6th January 2019   •   opinion
Obituary: Harbinder Singh Rana, a pioneer on Anglo-Sikh relations, 1959 - 2018

Image: Family picture
On Thursday 27th December I learnt of the tragic death of my dear friend Bhai Harbinder Singh Rana, from Walsall, UK, whose contribution to Sikh heritage in Britain is unmatched.

Perhaps his greatest achievement was being the brains behind the Anglo Sikh Heritage Trail (ASHT), where he was Honorary Director from its inception 25 years ago. He managed to uncover, elevate and archive Anglo Sikh history, art and culture to levels and quality hitherto unknown in Sikh circles.

Harbinder was also the brains behind the Maharaja Duleep Singh Centenary Trust, which managed to popularise the memory of the last ruler of Panjab, thus reconnecting old and new generations of Sikhs to their own history.

More recently he was instrumental in establishing the 1914 Sikhs, to highlight sacrifices made by Sikh soldiers in the First World War, and creating the National Sikh War Memorial Trust (NSWMT), to establish a more permanent memorial for Sikh soldiers during both World Wars.

Not only did he offer leadership and vision, he inspired others to see the importance of preserving and celebrating global Sikh heritage.

One such example is Amandeep Madra, who has also taken Sikh and Punjabi heritage, arts and culture to the masses through his own ground-breaking work at the UK Panjab Heritage Association and the Kashi House publishing, He recalls his first encounter with Harbinder:

"I first met him when he had arranged a black tie event to raise money for the Duleep Singh statue at Wentworth Golf Club. Prince Andrew was the chief guest, Harbinder had invited influential people from British cultural life and to watch him work them was a thing of beauty - he was equal parts charm, flattery, ruthless networking and single minded determination - always kind, always charming. It was at that event we were convinced by the V&A to publish a book of our work (which became Warrior Saints). It was 1998 and Harbinder was in his late 30s. My heart and thoughts are with his family. It's truly shocking and very saddening news."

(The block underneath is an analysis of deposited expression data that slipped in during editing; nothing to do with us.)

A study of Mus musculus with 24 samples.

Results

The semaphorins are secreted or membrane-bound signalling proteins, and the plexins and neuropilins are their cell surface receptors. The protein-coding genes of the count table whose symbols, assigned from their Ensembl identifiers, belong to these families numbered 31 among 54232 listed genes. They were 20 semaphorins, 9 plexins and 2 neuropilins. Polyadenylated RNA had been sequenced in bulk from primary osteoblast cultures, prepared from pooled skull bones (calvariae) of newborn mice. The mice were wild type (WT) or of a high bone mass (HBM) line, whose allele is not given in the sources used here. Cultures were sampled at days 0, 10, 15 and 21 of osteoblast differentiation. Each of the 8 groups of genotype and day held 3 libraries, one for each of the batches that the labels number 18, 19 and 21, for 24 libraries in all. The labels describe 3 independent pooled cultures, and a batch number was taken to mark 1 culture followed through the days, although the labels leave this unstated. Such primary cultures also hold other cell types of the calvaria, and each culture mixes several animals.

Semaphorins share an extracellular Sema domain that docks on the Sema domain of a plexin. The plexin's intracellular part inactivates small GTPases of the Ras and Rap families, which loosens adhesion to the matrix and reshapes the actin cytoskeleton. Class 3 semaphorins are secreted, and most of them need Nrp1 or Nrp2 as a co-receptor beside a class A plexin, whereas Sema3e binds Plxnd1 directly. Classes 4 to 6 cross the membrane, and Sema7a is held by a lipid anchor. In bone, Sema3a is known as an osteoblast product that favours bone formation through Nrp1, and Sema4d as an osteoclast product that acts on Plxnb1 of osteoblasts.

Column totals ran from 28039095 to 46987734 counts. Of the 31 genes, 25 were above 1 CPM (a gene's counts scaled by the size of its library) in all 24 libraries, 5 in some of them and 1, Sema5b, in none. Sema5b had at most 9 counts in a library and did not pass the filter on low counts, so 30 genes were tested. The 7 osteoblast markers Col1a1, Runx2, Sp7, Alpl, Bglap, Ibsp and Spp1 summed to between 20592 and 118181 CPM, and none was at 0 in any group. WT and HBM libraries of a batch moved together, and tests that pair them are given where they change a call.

His early life

Harbinder Singh Rana was born in 1959 in the a small village near Phagwara in Panjab called Jamsher Khan. He came to UK in 1964 at the age of 5 years with his parents and his siblings, 3 sisters and a younger brother.

Even though his parents were illiterate, Harbinder was able to excel in education and after graduating worked in the fields of policy analysis and management consultancy and in more recent years as a political lobbyist.

In 1984 we both found ourselves on the front line of the Sikh liberation struggle unfolding in Panjab. Following the 1984 Golden Temple attack, to support the struggle of our brothers and sisters in Panjab, an organisation called the International Sikh Youth Federation (ISYF) was established in Walsall. Harbinder and I were among a team of five joint vice presidents to take the struggle forward.

Soon after the establishment of the ISYF in 1986, in what was perhaps the most testing period of his life, Harbinder was charged and later convicted to 4 years for indecent assault. Harbinder always pleaded his innocence and argued he had been framed by the Indian State for his political activism. Members of the ISYF branch did mount an unsuccessful defence campaign and Harbinder after following his release, continued his campaign to clear his name.

Later life

Despite this huge setback, Harbinder continued to serve the Sikh nation by establishing links with the higher echelons of British military and political establishment. This culminated in him an invitation to join the royal family of Great Britain on the royal boat on June 3, 2012, to mark the diamond jubilee celebrations of the Queen's coronation. In 2006, Harbinder accompanied Prince Charles during a visit to Takht Sri Keshgarh Sahib at Anandpur Sahib in Punjab to mark the 300 anniversary of the creation of the Khalsa.

I have no hesitation in stating that no single person had done more to promote Anglo-Sikh relations and history on the international stage.

There is no doubt that Harbinder Singh Rana was a phenomenal force, who not only got the attention of the establishment, but also touched the hearts of ordinary Sikhs, especially young Sikhs and also non-Sikhs alike. He was a ferocious networker who made everybody he met feel empowered and through a very gentle touch, he knew how to get the best out of people.

His approach was simple, keep in touch with those people whom he knew had talents and then offer them a vision with clarity and conviction. He was a man of few words and rarely would he give long discourses. However, it was his capacity to speak with authority, clarity and conviction that made an amazing communicator.

Harbinder Singh Rana leaves behind his wife, two daughters, one son and a grandson and he will be sadly missed by all. However, though he is no longer with us in body, his spirit lives on in the legacy that he has created. His contribution to the Sikh nation is enough to fill many lifetimes and because of his passion for Sikh history and heritage, we are all able to hold our heads that little bit higher with pride and dignity.

Dr Gurnam Singh is Associate Professor of Social Work, Coventry University, UK and a presenter on the Akaal Channel.

Editor's note: This obituary has attracted some justified criticism, to which the editor has responded here.